Getting On-boarding Right
Posted by: Emma Trenier, Consulting Psychologist, Capp
With BA recruiting 2, 500 new employees last year, it was a prime time for them to discover what makes on-boarding a success. Their research discovered that 90% of employees make a decision to stay with an organisation in the first 6 months, the failure of a successful transition costs between 1.5 and 5 times annual salary, and Generation Y expect to make 5-7 career changes in their life, compared to Baby Boomers who only wanted to make 2-3 career changes.
Clearly, with the coming trend for more frequent career changes and the high cost of getting it wrong, it’s getting more and more important for companies to get on-boarding right.
I’m prone to a little day dreaming, so let me describe how I would like to be welcomed ‘on board’ in an ideal world…
Before I arrive on my first day I am already excited. I have shared the freebies I received with my friends and family who already think this company is phenomenal and I am the luckiest woman they know.
On day 1, my manager meets me and gives me a tour of the building, introduces me to a number of my colleagues and gives me my laptop and phone, already sorted. I spend time speaking 1:1 to one with a handful of colleagues, finding out what they do and who I can go to for what. I am tasked to discover my strengths overnight with an online questionnaire and bring the results back in the morning.
On day 2, my manager and I talk through my Realise2 strengths profile – what makes me tick and what I find draining. This is enjoyable and insightful as I discover she is as keen as I am for me to be my best self at work. I spend the day satiating my curiosity about the company’s culture through conversation, watching (non-cheesy) videos online and meeting one of the senior leaders for a thought-provoking and honest Q&A. By the end of the day I LIKE this company and I feel as if they LIKE me.
On day 3, my manager gives me my first assignment that plays to my strengths. I am delighted to be given a chance to show what I can do as I prepare to get started. I’m now excited to be working here, knowing that they want me to bring my best self to work, and that they want me to succeed through using my strengths. This company’s culture is all about helping me to do what I do best and love to do each day. It’s the perfect match!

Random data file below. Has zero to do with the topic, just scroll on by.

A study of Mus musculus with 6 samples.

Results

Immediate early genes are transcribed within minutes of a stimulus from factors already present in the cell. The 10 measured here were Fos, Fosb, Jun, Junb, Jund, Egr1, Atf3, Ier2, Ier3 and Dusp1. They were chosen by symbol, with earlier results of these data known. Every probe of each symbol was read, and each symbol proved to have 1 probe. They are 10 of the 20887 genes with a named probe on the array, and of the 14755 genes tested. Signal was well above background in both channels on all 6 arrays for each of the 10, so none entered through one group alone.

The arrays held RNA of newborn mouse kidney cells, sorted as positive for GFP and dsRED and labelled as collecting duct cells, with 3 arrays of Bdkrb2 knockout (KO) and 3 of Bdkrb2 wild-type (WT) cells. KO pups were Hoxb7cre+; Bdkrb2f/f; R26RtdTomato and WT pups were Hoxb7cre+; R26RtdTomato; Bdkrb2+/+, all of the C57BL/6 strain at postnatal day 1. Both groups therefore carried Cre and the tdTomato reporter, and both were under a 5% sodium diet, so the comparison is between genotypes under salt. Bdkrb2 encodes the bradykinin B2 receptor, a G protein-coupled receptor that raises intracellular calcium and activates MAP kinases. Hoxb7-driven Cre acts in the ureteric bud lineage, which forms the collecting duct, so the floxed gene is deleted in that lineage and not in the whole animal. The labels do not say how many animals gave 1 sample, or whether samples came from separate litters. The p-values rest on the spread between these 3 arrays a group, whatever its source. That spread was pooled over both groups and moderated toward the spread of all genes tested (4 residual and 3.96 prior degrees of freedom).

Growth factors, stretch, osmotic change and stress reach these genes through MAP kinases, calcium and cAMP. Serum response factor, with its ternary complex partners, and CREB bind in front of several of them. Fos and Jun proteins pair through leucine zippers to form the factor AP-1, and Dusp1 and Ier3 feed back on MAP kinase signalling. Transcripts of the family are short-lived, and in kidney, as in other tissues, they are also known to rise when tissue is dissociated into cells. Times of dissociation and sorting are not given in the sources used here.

I’ll end my dream here, although ‘on-boarding’ will continue for the next six months as I develop my skills in new areas, work closely with partners who show me the ropes and receive feedback from colleagues as I venture into new terrain.
It doesn’t sound so difficult, so why is this not every new employee’s experience?
For a start, companies don’t recognise the financial impact of getting on-boarding right. As a result, managers are not given the right resources and don’t realise that it is they themselves who can make or break each new employee’s spirit and resolve to stay.
The sad result, when they get it wrong, is that talented people prepare to leave within the first 6 months and everyone’s a loser.
In contrast, get on-boarding right, and everyone is well on the way to being a winner.
Strengths On-boarding is a key way to achieve this, by celebrating the best of why you recruited someone, then putting them to work by doing what they do best and love to do every day. That’s the way to love Mondays!